Scotland Under-20s: The impact of Covid, reliance on SQ players, conditioning issues but why better days are ahead

It was a sobering Six Nations for Scotland’s national sides, with the senior men’s team the only one to avoid a whitewash.

Kenny Murray's duties include the head coach role with the Scotland Under-20 team.  (Photo by Mark Scates / SNS Group)
Kenny Murray's duties include the head coach role with the Scotland Under-20 team. (Photo by Mark Scates / SNS Group)

They beat England and Italy but lost to Wales, France and Ireland. The women lost all five games and so too did the men’s under-20s, for the second year in a row.

While there is a sense that the senior men underachieved and the women succeeded in their main goal of the season which was qualifying for the Rugby World Cup, the plight of the U-20s is a cause for concern.



Covid wasn’t kind to Scotland’s young players, many of whom went for over a year without playing any meaningful rugby as the game below elite level was placed in cold storage. For many, their return to action came in the U-20 Six Nations, a tough baptism, especially for the callow ones emerging from the under-18 age group.


“The SQ programme is massive for me,” said Murray. “I think we’ve got 10 or 11 boys in the U20 training group that are from SQ programmes and that’s not too dissimilar to what’s happened in the past.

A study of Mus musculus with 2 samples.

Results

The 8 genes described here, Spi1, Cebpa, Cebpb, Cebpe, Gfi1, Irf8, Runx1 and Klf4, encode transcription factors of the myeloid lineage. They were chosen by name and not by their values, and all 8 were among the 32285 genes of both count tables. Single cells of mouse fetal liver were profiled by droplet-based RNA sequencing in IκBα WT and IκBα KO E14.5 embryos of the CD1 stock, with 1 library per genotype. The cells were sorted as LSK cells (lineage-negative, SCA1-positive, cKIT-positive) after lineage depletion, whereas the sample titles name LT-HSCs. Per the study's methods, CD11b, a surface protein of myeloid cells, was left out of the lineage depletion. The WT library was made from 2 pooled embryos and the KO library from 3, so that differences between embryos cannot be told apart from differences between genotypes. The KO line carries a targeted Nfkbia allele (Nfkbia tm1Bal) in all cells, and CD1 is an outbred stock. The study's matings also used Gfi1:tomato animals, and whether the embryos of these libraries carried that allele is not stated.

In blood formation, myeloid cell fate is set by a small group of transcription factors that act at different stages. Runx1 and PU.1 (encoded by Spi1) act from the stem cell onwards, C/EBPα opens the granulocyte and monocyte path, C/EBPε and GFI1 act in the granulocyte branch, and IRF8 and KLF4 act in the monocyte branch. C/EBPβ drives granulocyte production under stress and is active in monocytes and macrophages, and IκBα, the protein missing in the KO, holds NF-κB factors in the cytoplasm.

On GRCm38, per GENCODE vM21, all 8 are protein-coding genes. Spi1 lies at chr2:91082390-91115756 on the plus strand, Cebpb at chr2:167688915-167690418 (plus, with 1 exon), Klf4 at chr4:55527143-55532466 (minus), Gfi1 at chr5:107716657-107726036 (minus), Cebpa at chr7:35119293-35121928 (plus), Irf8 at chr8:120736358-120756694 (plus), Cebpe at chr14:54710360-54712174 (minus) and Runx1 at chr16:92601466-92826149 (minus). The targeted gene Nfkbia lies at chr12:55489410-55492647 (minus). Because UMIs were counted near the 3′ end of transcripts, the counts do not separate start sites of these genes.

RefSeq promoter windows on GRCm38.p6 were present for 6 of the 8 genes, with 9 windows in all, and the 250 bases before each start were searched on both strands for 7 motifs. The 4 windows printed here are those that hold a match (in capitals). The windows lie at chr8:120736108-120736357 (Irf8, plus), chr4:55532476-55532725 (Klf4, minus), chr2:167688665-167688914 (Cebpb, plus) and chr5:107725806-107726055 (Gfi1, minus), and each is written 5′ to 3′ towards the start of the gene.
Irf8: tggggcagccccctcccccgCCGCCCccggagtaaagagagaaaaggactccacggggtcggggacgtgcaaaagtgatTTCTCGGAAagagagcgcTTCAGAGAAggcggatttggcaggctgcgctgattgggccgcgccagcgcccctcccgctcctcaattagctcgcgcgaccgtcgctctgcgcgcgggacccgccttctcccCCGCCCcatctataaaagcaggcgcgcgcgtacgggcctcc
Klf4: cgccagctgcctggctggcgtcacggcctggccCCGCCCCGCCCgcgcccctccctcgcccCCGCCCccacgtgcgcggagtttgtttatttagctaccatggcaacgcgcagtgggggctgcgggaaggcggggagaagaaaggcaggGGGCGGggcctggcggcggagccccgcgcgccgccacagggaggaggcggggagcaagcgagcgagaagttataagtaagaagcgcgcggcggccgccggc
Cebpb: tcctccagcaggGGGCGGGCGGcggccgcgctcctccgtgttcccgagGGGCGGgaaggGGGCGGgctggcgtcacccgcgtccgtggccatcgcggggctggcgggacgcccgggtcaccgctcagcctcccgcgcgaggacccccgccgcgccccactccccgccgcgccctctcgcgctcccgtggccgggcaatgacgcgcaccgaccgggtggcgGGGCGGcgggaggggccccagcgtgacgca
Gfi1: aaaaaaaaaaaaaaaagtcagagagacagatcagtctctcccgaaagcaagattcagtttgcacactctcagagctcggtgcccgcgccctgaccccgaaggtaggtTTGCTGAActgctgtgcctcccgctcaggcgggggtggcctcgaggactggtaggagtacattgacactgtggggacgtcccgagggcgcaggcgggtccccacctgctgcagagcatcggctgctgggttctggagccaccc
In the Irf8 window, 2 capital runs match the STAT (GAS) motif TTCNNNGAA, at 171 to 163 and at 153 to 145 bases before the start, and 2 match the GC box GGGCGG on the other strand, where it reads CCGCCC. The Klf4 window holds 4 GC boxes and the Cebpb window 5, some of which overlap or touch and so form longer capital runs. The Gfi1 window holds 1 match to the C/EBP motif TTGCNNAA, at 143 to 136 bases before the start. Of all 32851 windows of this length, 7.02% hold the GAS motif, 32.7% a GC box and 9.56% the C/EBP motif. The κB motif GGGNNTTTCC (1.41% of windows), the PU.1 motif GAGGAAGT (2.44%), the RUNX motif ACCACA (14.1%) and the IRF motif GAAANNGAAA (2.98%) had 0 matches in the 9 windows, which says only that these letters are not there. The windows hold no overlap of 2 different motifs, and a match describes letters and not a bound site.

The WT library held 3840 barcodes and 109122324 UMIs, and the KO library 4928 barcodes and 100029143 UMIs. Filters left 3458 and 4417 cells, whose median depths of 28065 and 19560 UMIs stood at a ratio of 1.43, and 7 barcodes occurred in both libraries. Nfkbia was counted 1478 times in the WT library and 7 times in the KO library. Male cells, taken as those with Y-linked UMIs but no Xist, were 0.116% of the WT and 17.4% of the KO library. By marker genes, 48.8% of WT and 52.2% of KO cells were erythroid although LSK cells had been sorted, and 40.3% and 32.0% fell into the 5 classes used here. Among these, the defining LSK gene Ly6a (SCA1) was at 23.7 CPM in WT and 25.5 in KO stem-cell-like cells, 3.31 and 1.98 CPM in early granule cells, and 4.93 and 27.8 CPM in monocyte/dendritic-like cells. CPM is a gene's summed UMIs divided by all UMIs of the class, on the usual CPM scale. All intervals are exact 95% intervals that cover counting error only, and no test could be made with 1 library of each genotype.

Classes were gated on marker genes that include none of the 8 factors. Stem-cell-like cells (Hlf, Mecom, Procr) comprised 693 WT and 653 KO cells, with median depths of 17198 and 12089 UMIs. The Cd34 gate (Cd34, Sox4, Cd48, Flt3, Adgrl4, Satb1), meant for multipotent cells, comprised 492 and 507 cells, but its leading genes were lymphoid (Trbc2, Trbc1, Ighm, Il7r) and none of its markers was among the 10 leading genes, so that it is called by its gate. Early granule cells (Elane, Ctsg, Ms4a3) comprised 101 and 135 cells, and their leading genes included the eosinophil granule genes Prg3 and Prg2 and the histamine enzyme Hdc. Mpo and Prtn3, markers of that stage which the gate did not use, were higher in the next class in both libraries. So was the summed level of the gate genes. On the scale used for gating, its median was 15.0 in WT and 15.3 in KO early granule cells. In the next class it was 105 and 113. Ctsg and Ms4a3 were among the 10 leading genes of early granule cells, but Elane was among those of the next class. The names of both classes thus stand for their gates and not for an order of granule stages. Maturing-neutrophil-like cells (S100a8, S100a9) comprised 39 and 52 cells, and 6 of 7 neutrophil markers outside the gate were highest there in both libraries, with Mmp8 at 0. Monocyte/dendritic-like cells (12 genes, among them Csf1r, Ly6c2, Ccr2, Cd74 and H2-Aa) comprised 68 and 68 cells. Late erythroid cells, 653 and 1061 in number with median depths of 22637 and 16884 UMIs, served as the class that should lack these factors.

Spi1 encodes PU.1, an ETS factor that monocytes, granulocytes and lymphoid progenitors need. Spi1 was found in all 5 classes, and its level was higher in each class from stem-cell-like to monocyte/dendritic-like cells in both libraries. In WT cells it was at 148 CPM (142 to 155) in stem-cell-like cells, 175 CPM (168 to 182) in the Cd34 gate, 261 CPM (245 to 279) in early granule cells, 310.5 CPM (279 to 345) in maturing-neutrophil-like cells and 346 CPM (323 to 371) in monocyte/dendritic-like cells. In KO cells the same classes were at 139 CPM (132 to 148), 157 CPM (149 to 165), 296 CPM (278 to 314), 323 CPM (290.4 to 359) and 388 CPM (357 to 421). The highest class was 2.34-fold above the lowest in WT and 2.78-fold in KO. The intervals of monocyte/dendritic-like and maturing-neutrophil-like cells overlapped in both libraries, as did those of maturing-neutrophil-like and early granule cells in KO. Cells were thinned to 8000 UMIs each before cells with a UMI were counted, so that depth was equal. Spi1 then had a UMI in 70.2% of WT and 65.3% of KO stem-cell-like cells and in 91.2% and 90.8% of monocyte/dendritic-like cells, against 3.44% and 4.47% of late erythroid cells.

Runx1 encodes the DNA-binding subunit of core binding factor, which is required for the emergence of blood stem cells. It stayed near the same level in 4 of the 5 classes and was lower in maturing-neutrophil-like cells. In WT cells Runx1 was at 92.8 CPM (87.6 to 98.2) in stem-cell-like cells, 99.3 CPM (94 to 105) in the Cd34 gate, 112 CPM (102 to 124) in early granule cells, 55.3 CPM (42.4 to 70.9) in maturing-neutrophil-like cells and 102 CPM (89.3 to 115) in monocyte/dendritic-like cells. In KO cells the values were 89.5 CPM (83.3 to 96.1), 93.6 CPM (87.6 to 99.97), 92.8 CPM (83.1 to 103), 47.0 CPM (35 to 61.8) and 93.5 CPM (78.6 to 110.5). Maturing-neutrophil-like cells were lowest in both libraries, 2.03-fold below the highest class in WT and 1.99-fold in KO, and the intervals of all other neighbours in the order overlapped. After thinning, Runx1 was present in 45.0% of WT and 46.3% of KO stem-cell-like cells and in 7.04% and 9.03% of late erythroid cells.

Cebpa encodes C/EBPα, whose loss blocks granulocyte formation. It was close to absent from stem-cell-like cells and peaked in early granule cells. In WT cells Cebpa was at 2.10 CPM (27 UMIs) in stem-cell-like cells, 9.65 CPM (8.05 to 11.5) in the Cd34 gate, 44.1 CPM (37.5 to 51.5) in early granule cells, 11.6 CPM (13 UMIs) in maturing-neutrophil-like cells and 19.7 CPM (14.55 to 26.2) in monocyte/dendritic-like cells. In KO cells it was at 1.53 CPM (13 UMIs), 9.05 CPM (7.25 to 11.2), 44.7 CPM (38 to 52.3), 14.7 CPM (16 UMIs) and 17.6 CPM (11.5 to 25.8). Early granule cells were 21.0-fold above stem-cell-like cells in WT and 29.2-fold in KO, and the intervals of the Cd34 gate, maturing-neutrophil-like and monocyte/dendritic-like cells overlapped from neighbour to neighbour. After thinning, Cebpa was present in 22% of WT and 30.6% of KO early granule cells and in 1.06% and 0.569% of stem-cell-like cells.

“When I looked at the Ireland-Scotland full international I think I counted eight or nine guys in the Scotland team who hadn’t come through the domestic programme, so that highlights the importance of the SQ programme for us as a country.


“My mindset and aim is not to look at the SQ programme as an easy option to get players. I want to develop the best players in our country and bring them through but the SQ programme is there to support that and we need it at the moment.”


“I don’t believe we’re maybe as conditioned – either physically or in terms of game intensity – as we need to be to play under-20 rugby,” he said.


“And that’s the thing that frustrates me at times. We’ve still got a lot of folk who believe players can come from National League rugby and go straight into the U-20s and compete against Harry Arundell. Really? Arundell has scored one of the best tries we’ve seen for many years for London Irish – that’s the level we’re playing at.


“So our players who come through need to be fit for purpose, well conditioned, developed in terms of their rugby skills and decision-making skills and have an ability to play in pressure environments. So a big challenge for me is making sure the environment we’re bringing the boys into is challenging and developmental. And that includes the club environment at Super6 and environments we’re delivering from a Scottish Rugby perspective.”


“Things like making sure guys who are on the fringes of pro teams aren’t in as 24th man all the time, they are actually getting relevant game time. At the moment I’m still feeling that there are guys who are not getting enough game time to prepare them.


Murray added: “A lot of the guys who are playing for England, or even France [at U-20 level], are playing in the English Premiership or Top 14. We need our guys playing at the top level. Some of our guys have played a bit of pro rugby this year but the majority haven’t. So they’ve been playing Super6.


“It’s really important we get guys playing at a high level because the jump from club level to U-20s is really big.”